Veteran officer acquitted of charges in arrest of innocent man in drug case

Items had been planted in internal affairs `sting'

December 17, 2003|By Del Quentin Wilber | Del Quentin Wilber,SUN STAFF

A Baltimore judge yesterday acquitted a veteran city police officer of perjury and misconduct charges stemming from her arrest of an innocent bystander and her contention that he had hidden drugs and cash behind a bush one evening in March.

The items had actually been planted by internal affairs detectives conducting a random integrity sting designed to catch officers pocketing the drugs or money.

After Circuit Judge Lynn K. Stewart read her verdict, Agent Jacqueline Folio was swarmed by friends, family members and fellow officers who offered her hugs and slaps on the back. Folio, a 14-year veteran, declined to comment after the bench trial, saying she wanted to spend time with her family.

Her lawyer, Clarke F. Ahlers, portrayed the agent as having "excellent moral character" and said she would never have lied on a court document to arrest a petty drug dealer. "This agent is a truth-teller who has been called a liar," Ahlers said during his closing argument.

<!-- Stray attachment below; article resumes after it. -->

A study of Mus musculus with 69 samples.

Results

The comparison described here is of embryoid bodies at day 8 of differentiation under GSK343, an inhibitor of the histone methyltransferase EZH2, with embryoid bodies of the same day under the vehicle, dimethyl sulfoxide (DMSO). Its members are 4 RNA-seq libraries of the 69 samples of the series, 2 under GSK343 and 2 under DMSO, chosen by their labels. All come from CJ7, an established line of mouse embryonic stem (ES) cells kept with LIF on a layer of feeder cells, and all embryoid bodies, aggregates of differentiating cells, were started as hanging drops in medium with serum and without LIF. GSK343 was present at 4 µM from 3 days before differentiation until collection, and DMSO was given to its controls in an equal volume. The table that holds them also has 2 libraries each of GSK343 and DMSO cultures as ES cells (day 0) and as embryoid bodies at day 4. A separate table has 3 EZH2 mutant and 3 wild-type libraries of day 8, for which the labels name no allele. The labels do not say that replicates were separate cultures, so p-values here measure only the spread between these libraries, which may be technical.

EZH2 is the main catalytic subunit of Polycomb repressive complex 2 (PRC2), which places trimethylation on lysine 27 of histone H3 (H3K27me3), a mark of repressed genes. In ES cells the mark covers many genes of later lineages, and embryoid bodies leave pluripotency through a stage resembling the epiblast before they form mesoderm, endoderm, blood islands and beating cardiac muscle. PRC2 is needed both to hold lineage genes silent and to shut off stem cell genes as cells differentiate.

Prosecutor A. Thomas Krehely Jr. declined to comment after the verdict.

A series of defense witnesses - as well as those for the prosecution - testified that Folio was a hard-working, well-regarded and well-respected officer. Folio, 41, still faces police administrative charges, officials said yesterday.

Prosecutors and police alleged that Folio lied in court documents when she accused an 18-year-old man of planting a bag of drugs and cash behind a bush in Southeast Baltimore one evening in March. In her statement of charges, Folio wrote that she had observed the man place the items there.

That was impossible because internal affairs officers had stashed the bag - containing fake drugs and $250 - behind the bush.

After planting the drugs, the internal affairs detectives - pretending to be witnesses - then called dispatchers and described a man stashing the drugs. That man's description mirrored that of a teen-ager walking nearby - Leon Burgess, 18.

After receiving a radio call about the man hiding the drugs, Folio reported seeing Burgess and directed colleagues to stop him and two friends as they walked away from the area. She later found the drugs and had Burgess arrested.

On the witness stand Monday, Folio testified that she did not mean to leave the impression that she had observed anyone stash the bag, and called that mistaken account the result of a "run-on sentence."

Instead, the agent testified that she meant to write that she had seen the person who matched the description of the man reported by dispatchers.

Stewart did not directly address why she acquitted Folio, who had waived her right to a jury trial. But the judge highlighted what appeared to be the inconsistent and vague statements of a police officer who testified for the prosecution. She also said that the prosecution did not meet its burden of proving guilt beyond a reasonable doubt.